Euthanasia for Fish
No matter how carefully you look after your fish, there will be times when they become ill or injured and there's nothing you can do to help them. Because taking an already stressed fish to the vet will cause a lot of trauma in itself, it's better if you can euthanase fish at home. This is something that many aquarists find very difficult. It's important to know how to approach it in the kindest way for your fish, and in a way you can cope with too.
Knowing When to ActDeciding on the right time to kill an ailing fish can be hard. Sometimes fish are able to come back from very serious health problems. It's usually best to try a full course of medicinal treatment before you decide to euthanase your fish. You can use a complementary medicine such as Liquisil general tonic or melafix to reduce stress and discomfort at this stage - check the bottles to make sure medicines are safe to use together.
Some types of fish disease are fatal and incurable. Your vet, or an ichthyology specialist, should be able to diagnose these by symptoms you describe without having to see the fish. Not all of these diseases, however, are painful to the fish. Individual fish react differently to them. If your fish is not in distress, it's up to you to decide if you want to commit yourself to the extra care it may need for its remaining days or months.
If a fish's behaviour suggests that it is in a lot of pain or if it has a wound that simply isn't healing (wounded fins are not a problem unless there is bleeding right at the base), it's usually best to accept that it won't recover and that the best way to help it is to end its suffering.
Common MistakesUnfortunately there are a lot of myths out there about how fish should be euthanased. Many people still believe that flushing a fish down the toilet will kill it quickly. This certainly presents the fishkeeper with a quick means of ending their responsibility, but it's a bad idea for the fish. Even very ill fish can often be temporarily revived by the acidity of water in the toilet, after which they will die slowly from multiple infections.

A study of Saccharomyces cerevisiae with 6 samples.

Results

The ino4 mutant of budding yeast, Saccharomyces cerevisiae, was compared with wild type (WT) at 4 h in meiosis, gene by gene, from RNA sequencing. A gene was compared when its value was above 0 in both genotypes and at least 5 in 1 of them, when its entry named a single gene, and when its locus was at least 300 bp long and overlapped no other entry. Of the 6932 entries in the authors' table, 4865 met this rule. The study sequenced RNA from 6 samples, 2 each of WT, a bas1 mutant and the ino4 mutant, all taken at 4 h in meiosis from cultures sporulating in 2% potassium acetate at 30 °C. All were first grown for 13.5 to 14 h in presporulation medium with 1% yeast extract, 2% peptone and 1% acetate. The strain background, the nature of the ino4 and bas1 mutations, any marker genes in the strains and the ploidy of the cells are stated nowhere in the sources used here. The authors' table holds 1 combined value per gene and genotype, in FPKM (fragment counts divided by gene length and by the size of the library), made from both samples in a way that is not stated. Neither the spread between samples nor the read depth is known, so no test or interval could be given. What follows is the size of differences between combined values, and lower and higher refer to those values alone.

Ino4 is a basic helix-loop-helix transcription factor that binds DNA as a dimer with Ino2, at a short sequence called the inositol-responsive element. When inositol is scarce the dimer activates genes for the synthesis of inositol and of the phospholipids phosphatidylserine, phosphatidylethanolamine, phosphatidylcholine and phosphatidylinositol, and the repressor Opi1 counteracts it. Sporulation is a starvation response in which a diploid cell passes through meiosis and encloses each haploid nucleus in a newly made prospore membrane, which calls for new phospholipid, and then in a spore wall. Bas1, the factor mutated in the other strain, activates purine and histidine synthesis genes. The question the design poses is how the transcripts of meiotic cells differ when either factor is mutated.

Some aquarists euthanase fish by feeding them to other fish big enough to swallow them whole. This almost certainly causes a quick death and it can be practical in a few situations, for instance with fish who are born severely disabled, but as a rule it should be avoided. Even fish whose suffering is caused by injury or non-contagious illness can have further opportunistic infections which could make your bigger fish ill in turn.
Many people think that freezing a fish will cause it to fall asleep and die peacefully. Instead, the freezing process causes ice crystals to form within the fish's body, potentially causing excruciating pain. This is why it's important to know what you're doing before you act.
Minimising Pain and StressWhen euthanasing fish as kindly as possible, there are two approaches to choose from. You can act quickly, so the fish has little time to take in what's happening, or slowly but more gently. Different people find different methods easier to cope with.
The quickest way to kill a fish is simply to bang its head very hard by slamming it against a surface or banging it with a hard object. This may sound horrific, but death is almost instantaneous. It's important to act decisively to minimise stress, so this is not a method to use if you think you might hesitate.
If you prefer to simply put your fish to sleep, the best chemical to use is 2-phenoxyethanol. This is used by vets as an anaesthetic for fish. It cannot be purchased on its own without a prescription, but it is available as the major constituent of Interpret's ant-fungus and finrot medicine. Because it's poisonous to humans as well as fish you should always be careful how you store it.
To use this method, isolate the fish in a small container and add the medicine slowly. You shouldn't need much, but some fish, even of the same species, are much more resistant than others. Your fish should gradually become sleepy and its gill moments should slow down. The process can take up to forty minutes. When you can't see the gills move for at least two minutes, it's safe to conclude that the fish is dead.